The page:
Have you been screened for this ‘silent killer?’


WILMINGTON — It is called a “silent killer,” because it does not present many warning signs and can cause fatal, uncontrolled bleeding.

Abdominal aortic aneurysm (AAA), is the swelling of the aorta – the largest artery in the body – beneath the heart. This causes damage to the blood vessel’s walls. The force of blood, often exacerbated by high blood pressure and high-cholesterol, can cause leaks or complete bursts or ruptures into the abdominal cavity; both can be fatal in nearly 90 percent of cases of severe rupture, according to the New England Journal of Medicine.

AAA events were responsible for 9,863 deaths in the United States in 2014, according to the Center for Disease Control (CDC) and contributed to another 17,215 deaths – due to complications, such a renal failure, heart attack or complications in surgery.

The New Hanover Regional Medical Center (NHRMC), which has recently launched an AAA screening program, has tested 1,674 patients to since February of this year. According to Martha Harlan, speaking on behalf of NHRMC, nearly a hundred patients tested positive.

“We found 94 patients who had aorta’s measuring 3cm or more [in diameter],” said Harlan. “That’s not the threshold for surgery, but at that point our physicians are going to watch them. After the test, NHRMC has physicians on hand who can consult patients, and talk about lifestyle changes and possibly medication. They’ll work with them one-on-one to determine the next step.”

The next step often includes diet and exercise, but in some cases can include surgery to repair or strengthen arterial walls.

Anterior view of the surgical steps of an open abdominal aortic aneurysm (AAA) repair, with suturing of aortic graft; SOURCE: cardiacsurg_aaa-open_proc_2.ai; 3D_normal_cns.mb, outline: cardiology_cardio-stent-place_procedure_1_line.ai; cardiology_heart_slide_template; cardiacsurg_aaa-open_proc_2a_layers.psd; cardiacsurg_aaa-open_proc_2b_layers.psd;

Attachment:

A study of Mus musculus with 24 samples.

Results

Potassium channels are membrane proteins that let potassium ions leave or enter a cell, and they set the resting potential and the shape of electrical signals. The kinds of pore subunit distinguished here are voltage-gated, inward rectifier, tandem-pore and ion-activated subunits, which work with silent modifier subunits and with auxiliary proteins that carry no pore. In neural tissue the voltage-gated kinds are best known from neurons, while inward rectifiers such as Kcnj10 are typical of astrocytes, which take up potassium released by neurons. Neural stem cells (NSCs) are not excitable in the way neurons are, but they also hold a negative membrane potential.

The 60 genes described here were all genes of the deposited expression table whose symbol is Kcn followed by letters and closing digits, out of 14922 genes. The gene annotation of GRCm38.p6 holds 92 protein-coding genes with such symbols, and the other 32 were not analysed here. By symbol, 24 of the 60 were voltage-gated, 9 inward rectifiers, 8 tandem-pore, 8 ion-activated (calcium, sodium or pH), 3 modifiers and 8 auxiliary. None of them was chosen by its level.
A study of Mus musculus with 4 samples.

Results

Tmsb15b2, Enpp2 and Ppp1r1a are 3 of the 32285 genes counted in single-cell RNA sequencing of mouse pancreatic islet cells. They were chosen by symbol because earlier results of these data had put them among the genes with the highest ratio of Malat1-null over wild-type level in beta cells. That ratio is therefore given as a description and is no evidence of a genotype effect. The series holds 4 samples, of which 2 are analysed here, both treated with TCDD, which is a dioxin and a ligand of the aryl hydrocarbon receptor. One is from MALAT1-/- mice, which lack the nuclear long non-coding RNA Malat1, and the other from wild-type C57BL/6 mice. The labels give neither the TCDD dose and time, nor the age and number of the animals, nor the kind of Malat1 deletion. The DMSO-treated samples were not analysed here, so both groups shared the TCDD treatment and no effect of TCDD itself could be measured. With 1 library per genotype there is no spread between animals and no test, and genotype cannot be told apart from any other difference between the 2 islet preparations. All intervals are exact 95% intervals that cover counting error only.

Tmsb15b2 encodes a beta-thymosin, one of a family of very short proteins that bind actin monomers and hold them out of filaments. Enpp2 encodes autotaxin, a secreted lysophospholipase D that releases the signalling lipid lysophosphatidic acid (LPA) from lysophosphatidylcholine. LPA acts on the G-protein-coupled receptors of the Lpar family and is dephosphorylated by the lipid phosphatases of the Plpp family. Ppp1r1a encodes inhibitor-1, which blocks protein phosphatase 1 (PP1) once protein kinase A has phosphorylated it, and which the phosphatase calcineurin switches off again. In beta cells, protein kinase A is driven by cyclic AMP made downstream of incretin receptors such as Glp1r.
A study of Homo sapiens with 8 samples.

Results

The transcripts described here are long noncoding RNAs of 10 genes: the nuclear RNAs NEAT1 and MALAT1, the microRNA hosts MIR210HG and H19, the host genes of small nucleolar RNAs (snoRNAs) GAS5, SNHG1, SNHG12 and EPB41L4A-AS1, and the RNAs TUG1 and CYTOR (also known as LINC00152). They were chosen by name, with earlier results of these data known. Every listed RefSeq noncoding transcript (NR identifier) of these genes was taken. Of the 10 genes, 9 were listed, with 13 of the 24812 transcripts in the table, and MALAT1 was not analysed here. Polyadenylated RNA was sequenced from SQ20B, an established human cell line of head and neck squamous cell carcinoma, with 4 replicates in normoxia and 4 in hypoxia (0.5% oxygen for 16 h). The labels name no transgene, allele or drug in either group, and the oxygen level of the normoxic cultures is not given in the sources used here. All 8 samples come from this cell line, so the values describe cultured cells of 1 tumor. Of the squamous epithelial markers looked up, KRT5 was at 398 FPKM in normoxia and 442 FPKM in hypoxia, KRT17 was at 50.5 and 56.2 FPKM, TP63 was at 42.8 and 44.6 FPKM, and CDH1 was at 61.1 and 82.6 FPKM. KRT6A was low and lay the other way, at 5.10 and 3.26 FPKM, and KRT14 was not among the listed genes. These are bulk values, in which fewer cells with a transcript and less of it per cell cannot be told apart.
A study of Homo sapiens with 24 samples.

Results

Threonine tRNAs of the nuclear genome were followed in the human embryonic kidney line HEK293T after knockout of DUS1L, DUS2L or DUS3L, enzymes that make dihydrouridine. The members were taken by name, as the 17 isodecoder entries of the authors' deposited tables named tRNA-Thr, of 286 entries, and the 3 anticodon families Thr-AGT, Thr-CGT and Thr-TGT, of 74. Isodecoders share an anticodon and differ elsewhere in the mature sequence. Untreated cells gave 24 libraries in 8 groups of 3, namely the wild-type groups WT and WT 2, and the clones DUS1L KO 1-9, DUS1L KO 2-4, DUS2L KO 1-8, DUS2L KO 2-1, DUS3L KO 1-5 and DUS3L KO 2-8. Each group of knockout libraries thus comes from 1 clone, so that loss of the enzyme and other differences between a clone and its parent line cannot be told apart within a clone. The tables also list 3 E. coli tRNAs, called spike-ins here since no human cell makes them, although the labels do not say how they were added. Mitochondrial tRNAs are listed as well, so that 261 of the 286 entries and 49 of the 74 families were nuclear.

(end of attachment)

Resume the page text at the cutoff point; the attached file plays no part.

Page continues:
Anterior view of the surgical steps of an open abdominal aortic aneurysm (AAA) repair, with suturing of aortic graft. (Courtesy NHRMC)

The screening itself, an ultrasound scan of the abdomen, can performed very quickly.

“It only takes a few minutes,” said Harlan.

NHRMC recommends the test for anyone over the age of 50 with a history of smoking (defined as mover than 100 cigarettes over a person’s life). Specific risk factors include age (men and women over 65), genetic history of AAA, obesity, diabetes and hypertension.

“A lot of the risk factors for heart disease also apply to AAA,” said Harlan. “But anyone who is uncertain should contact their primary care physician, it’s not a difficult call for a doctor to make.”

Compared to some tests which are invasive or require extensive lab-work, the AAA screening is relatively inexpensive. The out-of-pocket costs for the screening is $62.25, though Harlan told Port City Daily, “most insurances will definitely pay for this procedure through your primary care physician. Medicare also offers free, one-time screenings for patients deemed ‘at risk.’ ”

Still, not everyone will have the right insurance coverage – or the out of pocket funds – for the screening. For that reason, NHRMC offers financial assistance through the NHRMC Foundation, a special fund created in 1991. Those in financial need who meet the criteria for AAA should contact the foundation at (910) 667-5002.

Harlan noted that “regardless of insurance or medicare, anyone getting the screening does need a referral. And really the most important part of screening for AAA is having a primary care doctor. Someone who can collect all off your medical information and get the big picture.”

Harlan encouraged those without a primary care physician to visit the NHRMC resource page or to call the hospital’s 24-hour Vitaline for help getting referrals or to find a physician, at (910) 815-5188 or (888) 815-5188. Read more about AAA at NHRMC (including this video) and the CDC.